Future Search The Method

Printer FriendlySpeaking with the Ancients

Ko'olau Loa District, Oahu, Hawaii, 1996: The conches sound and more than 1,700 faces turn seaward. It's an exceptionally large turnout for this rural district on Hawaii's island of Oahu. They have gathered here at Kahana Bay this February morning of 1997 to welcome the arrival of two voyaging canoes: the Hokule'a and E'ala. The Hokule'a, built 22 years ago to test the hypothesis that Hawaiians had sailed to these islands without navigational instruments, proved the theory correct in 1976 when it sailed to Tahiti and back. More than that, it inspired many Hawaiians to turn toward their cultural roots and take pride in their past.

Now the Hokule'a is on the second leg of a statewide voyage to demonstrate Hawaiian navigation and to serve as a focal point for community activism. Along with their skilled crews, both canoes sail with community representatives and local high school students aboard. And during the visit, the public is invited to learn about voyaging education at the beach, take canoe tours, or stargaze with the Polynesian Voyaging Society staff.

Students from area schools visit the canoes to learn about sailing and navigation, and about the ancient values that anteceded those skills - values like 'ohana (extended family), malama (caring) lokahi (harmony, unity), and laulima (many hands working together to accomplish a common goal).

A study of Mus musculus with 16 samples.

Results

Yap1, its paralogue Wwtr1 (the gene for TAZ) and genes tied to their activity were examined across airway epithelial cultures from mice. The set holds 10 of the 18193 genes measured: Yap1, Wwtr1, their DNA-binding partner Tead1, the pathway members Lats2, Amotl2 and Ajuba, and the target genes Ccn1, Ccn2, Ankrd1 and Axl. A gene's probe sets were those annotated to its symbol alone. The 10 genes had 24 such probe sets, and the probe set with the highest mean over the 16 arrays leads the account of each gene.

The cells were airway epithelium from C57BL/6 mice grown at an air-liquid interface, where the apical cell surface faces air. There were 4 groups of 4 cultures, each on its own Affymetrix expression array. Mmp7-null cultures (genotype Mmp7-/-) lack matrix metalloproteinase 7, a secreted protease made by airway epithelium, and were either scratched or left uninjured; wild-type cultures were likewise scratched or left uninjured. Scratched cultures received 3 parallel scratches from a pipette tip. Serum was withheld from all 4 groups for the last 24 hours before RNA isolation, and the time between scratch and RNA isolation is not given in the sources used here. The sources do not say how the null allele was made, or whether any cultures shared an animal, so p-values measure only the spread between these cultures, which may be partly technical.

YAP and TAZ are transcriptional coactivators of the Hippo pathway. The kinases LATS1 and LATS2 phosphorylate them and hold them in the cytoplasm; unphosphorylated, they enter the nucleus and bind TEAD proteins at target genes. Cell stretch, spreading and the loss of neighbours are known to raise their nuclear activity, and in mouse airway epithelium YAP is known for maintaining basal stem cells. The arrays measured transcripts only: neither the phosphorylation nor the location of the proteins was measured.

For several months preceding the visit, the community of Ko'olau Loa on Oahu's north shore, which helped sponsor the event, worked together in a massive effort to make the celebration a success. Up and down the coast, hundreds of volunteers prepared the welcome of the Hokule'a with traditional Hawaiian protocol that included chanters, dancers, musicians, and a luau for 1,700 people.

All this spirited activity came from a community that only a year before had questioned their ability to cooperate, to inspire any real cohesion. What changed during that year can be found in the story of a people who reached into the past to rebuild their future. The celebration for the canoes is only one expression of a wider effort to restore community values in Ko'olau Loa, an effort that grew out of a future search conference held in February 1996.